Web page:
Lessons from COVID-19: Need for universal healthcare and socio-economic equality
Health is a fundamental human right and essential right if we are to deliver on sustainable development
learning from history and past experiences
India's failure to learn from its mistakes is one of its biggest challenges. Let's consider 2 examples to further elucidate this point - the first being tuberculosis (TB).
India has been battling with TB for many centuries. Despite having scientifically assured processes for diagnosis, prevention and treatment, India still has a large number of recurring cases each year (2.69 Million in 2019 (TB Statistics India, 2019)) as well as untimely deaths due to TB. When TB is preventable and curable, then how can we explain it to be the world's top infectious disease killer?
The lessons we
learnt from TB should have highlighted the need for better distribution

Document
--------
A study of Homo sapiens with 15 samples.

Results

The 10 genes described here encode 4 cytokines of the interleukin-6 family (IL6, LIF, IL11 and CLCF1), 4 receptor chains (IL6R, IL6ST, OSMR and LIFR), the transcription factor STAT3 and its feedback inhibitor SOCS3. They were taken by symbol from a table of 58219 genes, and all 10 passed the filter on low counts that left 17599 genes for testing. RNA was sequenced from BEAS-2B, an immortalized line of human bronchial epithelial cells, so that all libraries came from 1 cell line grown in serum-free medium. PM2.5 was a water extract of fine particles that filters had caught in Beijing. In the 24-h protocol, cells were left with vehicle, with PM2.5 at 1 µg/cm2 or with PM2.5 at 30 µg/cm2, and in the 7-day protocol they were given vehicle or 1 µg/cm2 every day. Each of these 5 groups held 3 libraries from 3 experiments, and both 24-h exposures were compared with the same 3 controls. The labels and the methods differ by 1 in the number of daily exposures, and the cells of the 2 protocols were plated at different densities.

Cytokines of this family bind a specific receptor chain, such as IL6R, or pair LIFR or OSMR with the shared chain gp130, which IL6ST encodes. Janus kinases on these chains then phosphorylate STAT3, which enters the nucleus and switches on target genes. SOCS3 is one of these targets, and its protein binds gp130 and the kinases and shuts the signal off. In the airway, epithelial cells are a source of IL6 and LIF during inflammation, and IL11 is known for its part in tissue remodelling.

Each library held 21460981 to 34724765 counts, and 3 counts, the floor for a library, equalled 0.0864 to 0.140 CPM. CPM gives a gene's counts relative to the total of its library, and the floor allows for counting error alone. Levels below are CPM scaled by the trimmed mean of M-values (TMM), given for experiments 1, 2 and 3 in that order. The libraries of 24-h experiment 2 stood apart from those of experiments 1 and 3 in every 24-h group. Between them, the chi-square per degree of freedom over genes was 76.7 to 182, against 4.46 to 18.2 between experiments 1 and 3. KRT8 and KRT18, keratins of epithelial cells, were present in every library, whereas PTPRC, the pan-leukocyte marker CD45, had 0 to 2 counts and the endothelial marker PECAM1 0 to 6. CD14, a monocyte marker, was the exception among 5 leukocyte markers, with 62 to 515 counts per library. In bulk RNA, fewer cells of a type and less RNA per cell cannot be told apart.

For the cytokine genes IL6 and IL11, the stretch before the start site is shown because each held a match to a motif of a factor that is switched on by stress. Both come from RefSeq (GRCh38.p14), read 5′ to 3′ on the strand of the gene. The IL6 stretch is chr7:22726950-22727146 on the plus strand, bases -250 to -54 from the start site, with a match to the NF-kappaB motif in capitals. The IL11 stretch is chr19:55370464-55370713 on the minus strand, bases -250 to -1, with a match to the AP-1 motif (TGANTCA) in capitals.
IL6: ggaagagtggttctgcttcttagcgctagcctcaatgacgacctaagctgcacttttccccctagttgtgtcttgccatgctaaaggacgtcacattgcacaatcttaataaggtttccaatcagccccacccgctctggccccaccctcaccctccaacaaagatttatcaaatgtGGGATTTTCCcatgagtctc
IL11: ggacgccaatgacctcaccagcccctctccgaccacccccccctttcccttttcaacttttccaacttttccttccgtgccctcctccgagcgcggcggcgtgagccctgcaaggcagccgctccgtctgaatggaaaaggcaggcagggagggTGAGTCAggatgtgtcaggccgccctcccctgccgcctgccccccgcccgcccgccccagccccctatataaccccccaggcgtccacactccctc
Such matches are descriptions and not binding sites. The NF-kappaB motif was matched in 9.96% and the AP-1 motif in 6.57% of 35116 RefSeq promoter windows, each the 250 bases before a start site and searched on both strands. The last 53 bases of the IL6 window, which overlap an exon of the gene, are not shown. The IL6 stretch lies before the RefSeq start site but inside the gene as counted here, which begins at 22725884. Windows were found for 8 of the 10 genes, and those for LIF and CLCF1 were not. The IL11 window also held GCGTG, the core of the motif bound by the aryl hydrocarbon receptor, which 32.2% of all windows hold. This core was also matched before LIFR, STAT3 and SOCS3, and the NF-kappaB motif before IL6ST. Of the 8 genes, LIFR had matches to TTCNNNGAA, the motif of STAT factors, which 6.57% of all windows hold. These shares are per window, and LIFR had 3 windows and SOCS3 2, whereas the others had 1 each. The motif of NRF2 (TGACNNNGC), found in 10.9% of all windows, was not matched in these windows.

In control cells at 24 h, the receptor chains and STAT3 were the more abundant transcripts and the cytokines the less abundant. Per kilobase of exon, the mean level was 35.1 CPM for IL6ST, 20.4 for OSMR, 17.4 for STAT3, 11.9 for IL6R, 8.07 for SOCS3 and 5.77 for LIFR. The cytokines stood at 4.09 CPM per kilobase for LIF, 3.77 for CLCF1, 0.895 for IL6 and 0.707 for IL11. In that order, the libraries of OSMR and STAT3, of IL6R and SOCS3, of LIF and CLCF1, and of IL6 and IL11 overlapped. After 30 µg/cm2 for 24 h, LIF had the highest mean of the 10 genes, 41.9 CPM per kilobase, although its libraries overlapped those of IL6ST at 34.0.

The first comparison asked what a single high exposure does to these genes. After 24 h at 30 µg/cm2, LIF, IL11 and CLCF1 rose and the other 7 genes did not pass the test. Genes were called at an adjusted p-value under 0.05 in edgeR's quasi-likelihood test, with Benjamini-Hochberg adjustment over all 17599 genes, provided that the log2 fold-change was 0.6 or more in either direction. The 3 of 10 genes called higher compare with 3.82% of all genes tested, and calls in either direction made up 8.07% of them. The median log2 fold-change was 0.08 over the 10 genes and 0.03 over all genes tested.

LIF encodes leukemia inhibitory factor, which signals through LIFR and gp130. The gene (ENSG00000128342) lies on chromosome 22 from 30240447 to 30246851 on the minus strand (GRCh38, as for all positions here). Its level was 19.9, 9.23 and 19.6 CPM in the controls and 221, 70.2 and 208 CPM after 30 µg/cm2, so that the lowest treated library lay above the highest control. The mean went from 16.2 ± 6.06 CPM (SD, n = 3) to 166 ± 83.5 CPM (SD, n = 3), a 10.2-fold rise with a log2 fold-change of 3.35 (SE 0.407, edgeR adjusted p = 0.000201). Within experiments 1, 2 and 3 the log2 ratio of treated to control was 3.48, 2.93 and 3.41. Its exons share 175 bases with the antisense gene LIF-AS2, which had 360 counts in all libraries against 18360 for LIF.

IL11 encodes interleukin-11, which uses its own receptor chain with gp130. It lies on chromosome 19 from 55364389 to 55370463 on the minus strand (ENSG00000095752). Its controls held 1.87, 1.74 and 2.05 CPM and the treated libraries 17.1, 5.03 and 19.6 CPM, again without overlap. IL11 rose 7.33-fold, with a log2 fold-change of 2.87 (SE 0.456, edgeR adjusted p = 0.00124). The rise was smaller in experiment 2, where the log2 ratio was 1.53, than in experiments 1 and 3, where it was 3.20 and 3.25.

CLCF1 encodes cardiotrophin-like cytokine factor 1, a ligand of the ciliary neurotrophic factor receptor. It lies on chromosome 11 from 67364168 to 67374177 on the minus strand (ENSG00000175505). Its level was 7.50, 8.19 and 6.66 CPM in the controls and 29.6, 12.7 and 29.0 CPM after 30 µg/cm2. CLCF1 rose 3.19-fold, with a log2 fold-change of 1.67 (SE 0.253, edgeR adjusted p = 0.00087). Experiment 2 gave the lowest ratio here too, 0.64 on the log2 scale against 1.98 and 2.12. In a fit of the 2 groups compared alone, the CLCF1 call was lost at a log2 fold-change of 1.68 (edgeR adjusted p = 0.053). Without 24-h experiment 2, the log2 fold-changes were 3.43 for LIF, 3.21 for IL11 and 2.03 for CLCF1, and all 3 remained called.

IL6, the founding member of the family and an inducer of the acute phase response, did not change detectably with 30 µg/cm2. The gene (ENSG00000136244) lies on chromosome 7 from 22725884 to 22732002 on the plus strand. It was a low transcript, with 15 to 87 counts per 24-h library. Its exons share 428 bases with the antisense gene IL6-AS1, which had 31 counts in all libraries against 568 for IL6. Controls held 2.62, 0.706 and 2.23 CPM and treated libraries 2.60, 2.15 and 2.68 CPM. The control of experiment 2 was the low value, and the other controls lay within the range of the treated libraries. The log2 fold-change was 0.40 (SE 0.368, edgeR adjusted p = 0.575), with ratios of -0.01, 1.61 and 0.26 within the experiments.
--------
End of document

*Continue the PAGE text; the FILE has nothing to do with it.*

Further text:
networks for healthcare, other obstacles that prevent people from accessing
care, especially keeping the national goal of ending TB by 2025 in mind. These
lessons will be extremely crucial when it is time to roll out the COVID-19
vaccine, as well as, for ending TB.
The second example is that of HIV and the forgetfulness of the rights-based approach which was used by those living with HIV to push for health as a human right. This approach helped the HIV community-led movements as well as other groups struggling to get a voice e.g. sex workers, LGBTIQ+ movements (Krishnan, 2018) etc. Similar rights-based approach could be and should be adopted when demanding equitable healthcare during COVID-19.
Bobby's example of Thailand from his days of working with the HDN help to appreciate the opposite case. Thailand is an exemplary case of how COVID-19 should be handled and has received praise from WHO (Thaiger, 2020). Bobby believes that Thailand's investment in the 30 Baht scheme and their important decision with a foresight to increase healthcare investment in smaller towns and villages while simply maintaining the standards in bigger cities during economic recession several decades back, has put them in a suitable position to offer universal health coverage in present day. Whether it be heart disease, TB or HIV Thailand has not held back and sustained progressive scientific voices. This layering of groundwork and learning from past mistakes has helped them handle the COVID-19 crisis a lot better.